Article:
Science Reverses Aging in Mouse
A frail mouse with failing organs was restored to vibrant youth when researchers re-activated production of the enzyme telomerase. Discovery News on the recently reported findings.
Researcher Ronald DePinho, director of the Belfer Institute of the Dana-Farber Cancer Institute, and colleagues at Harvard Medical School engineered mice that did not produce the enzyme telomerase, a chemical which protects the ends of DNA strands from being lost during replication. In an earlier study, these mice died after only six months, compared to the three-year life span of a normal mouse. But in DePinho's recent study, a chemical fountain of youth was given to the mice when they received special form of estrogen. The mice were engineered to produce telomerase only when this special estrogen was present.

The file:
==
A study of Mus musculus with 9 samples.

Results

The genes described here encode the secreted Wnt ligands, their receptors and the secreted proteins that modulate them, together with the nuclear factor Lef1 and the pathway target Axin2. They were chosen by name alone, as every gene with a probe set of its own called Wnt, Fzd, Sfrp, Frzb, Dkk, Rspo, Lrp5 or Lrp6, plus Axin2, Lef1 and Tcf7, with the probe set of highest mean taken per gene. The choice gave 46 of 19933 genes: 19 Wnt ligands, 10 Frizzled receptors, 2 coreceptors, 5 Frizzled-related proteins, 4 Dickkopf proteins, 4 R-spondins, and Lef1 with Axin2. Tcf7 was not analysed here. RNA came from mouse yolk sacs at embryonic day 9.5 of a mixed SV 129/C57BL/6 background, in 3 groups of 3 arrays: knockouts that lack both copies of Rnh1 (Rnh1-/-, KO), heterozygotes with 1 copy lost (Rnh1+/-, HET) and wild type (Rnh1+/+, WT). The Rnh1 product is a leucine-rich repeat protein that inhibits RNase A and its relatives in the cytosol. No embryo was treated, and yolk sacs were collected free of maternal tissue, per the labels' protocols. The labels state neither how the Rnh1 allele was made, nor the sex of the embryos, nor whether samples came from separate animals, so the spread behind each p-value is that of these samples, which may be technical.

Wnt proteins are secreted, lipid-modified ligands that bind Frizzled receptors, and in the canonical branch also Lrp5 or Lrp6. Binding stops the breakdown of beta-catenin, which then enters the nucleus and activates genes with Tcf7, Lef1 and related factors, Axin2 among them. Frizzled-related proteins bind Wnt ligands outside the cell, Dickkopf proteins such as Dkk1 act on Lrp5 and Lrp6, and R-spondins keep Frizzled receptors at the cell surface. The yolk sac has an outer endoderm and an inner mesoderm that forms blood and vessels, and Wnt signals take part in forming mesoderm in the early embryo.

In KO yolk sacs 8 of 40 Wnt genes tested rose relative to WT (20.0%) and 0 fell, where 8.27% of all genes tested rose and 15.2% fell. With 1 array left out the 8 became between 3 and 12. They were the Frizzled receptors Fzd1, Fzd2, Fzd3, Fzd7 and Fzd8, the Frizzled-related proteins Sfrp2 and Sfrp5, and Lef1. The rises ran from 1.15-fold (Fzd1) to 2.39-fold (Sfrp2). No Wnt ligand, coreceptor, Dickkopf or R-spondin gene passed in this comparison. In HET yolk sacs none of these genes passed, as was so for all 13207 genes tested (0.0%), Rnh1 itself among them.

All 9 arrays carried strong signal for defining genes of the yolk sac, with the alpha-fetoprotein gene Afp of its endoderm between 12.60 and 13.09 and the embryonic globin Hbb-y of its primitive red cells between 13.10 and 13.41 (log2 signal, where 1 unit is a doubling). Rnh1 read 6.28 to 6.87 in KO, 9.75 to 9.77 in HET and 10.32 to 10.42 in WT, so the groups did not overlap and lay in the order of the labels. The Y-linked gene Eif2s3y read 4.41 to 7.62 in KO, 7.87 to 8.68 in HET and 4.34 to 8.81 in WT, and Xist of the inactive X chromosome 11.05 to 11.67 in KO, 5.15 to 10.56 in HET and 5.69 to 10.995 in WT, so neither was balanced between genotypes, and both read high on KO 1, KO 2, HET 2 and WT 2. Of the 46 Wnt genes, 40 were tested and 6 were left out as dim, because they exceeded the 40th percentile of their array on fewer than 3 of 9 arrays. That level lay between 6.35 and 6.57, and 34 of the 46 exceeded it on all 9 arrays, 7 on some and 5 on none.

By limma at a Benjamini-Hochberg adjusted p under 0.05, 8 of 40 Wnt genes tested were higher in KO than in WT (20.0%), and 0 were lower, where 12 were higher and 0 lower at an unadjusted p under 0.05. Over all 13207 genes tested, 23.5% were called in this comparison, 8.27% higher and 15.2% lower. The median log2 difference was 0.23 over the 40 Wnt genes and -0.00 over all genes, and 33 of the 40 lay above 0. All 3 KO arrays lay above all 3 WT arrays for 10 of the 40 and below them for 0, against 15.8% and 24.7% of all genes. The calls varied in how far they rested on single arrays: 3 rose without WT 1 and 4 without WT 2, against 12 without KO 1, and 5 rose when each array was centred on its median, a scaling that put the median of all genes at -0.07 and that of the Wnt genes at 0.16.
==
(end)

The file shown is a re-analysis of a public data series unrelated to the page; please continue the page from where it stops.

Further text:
Delay, deny and deflect were the strategies Facebook has used to navigate scandals it's faced in recent years, according to the New York Times.
- The exhaustive report is based on interviews with more than 50 people with ties to the company.
- It outlines how senior executives misled the public and lawmakers in regards to what it had discovered about privacy breaches and Russian interference in U.S. politics.
- On Thursday, Facebook cut ties with one of the companies, Definers Public Relations, listed in the report.
Protected animals are feared to be headed for the black market.
Dogs' floppy ears may be part of why they and other domesticated animals love humans so much.
- Nearly all domestic animals share several key traits in addition to friendliness to humans, traits such as floppy ears, a spotted coat, a shorter snout, and so on.
- Researchers have been puzzled as to why these traits keep showing up in disparate species, even when they aren't being bred for those qualities. This is known as "domestication syndrome."
- Now, researchers are pointing to a group of a cells called neural crest cells as the key to understanding domestication syndrome.